The Lone Ranger’s sidekick was a lousy role model for a little Indigenous lad. Tonto wore buckskin, spoke in pidgin English,and existed to serve the needs of “Kemo Sabe.” Adding insult to injury, his name translates into “dummy” in Spanish.
Credit: Bunky Echo Hawk
But, no question, Tonto was indispensable to his masked companion.
I can’t count how many times as a journalist I wished I had a “Tonto” when venturing into an unfamiliar Indigenous community. A partner — who offers advice on the lay of the land, provides wise counsel, helps make my stories better.
Every reporter –– Indigenous or non-Indigenous –– needs a guide.
Welcome to Reporting in Indigenous Communities — an online guide intended to offer you useful ideas and practical methods for finding and developing news stories in “Indian Country” (as we NDNs sometimes refer to the lands we inhabit).
It’s rooted in the Canadian experience, but journalists around the globe may find it useful, when covering Indigenous communities from the Americas to Australia.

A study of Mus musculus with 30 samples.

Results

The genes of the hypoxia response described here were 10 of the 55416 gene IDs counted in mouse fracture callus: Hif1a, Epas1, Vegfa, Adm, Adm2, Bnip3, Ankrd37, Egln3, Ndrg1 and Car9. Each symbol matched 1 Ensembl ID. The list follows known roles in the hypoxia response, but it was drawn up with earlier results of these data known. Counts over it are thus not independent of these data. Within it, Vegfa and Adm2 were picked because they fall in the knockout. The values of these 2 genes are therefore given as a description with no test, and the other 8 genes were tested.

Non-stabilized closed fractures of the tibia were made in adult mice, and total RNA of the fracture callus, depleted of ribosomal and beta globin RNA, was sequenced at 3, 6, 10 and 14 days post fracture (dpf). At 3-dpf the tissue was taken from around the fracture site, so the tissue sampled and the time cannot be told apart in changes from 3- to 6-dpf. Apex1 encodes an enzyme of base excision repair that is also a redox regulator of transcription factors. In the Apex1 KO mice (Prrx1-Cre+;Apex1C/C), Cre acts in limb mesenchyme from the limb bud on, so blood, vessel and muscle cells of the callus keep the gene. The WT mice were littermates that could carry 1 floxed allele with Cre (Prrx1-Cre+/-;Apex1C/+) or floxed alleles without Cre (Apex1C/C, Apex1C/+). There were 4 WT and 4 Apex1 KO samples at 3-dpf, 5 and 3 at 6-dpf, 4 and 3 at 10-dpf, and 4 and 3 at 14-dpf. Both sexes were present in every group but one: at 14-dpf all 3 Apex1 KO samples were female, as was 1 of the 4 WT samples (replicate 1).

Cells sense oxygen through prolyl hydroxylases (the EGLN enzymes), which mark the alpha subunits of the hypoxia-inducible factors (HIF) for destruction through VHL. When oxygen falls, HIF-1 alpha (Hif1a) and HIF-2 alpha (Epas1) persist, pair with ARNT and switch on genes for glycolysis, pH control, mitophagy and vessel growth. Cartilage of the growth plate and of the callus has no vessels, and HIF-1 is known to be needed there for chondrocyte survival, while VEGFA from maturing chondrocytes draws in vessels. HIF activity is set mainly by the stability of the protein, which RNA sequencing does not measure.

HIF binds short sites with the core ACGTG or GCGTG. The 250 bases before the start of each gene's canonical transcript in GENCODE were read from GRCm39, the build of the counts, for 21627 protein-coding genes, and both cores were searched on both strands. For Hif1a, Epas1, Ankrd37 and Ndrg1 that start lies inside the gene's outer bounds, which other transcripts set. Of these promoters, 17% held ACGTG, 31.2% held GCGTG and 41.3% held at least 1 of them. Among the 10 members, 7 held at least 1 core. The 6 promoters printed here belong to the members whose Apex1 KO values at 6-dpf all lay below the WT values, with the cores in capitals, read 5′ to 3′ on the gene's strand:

The guide is structured into three areas of reporting where journalists face challenges when producing news stories about Indigenous peoples.
1) AT THE DESK – how to research and pitch stories;
2) IN THE FIELD – how to gather information for these stories; and
3) ON THE AIR – how we present stories about Indigenous peoples.
Some advice is mine, based upon my experiences as a TV reporter. But, you, too, can be a RIIC Guide! I know, I know… isn’t it exciting!
Offer lessons you’ve learned in the Teachings section.
Go to the RIIC News Facebook site or @RIICNews on Twitter to share news stories about Indigenous peoples that inspire you, or stories you’d dump on the cutting room floor.
The RIIC Blog is a hungry goat — send your guest blog posts on how journalists can better present Indigenous news.
Comment on or share the advice in the RIIC Guide.
Keep RIIC looking sharp and fresh, by posting your photos from the field, or helpful links to include in the Additional Resources section, on our Facebook or Twitter site.
Collectively, we can help each other do our jobs better, better serve Indigenous communities, and improve the quality of our news coverage.
As for that thorny issue of terminology — I’m Anishinaabe, as my people call ourselves, from the Chippewas of Georgina Island First Nation in southern Ontario. The terms I use to describe Native-Aboriginal-First Nations-Indigenous Persons are fluid and depend on the occasion (more on that in the Terminology and Lexicon section).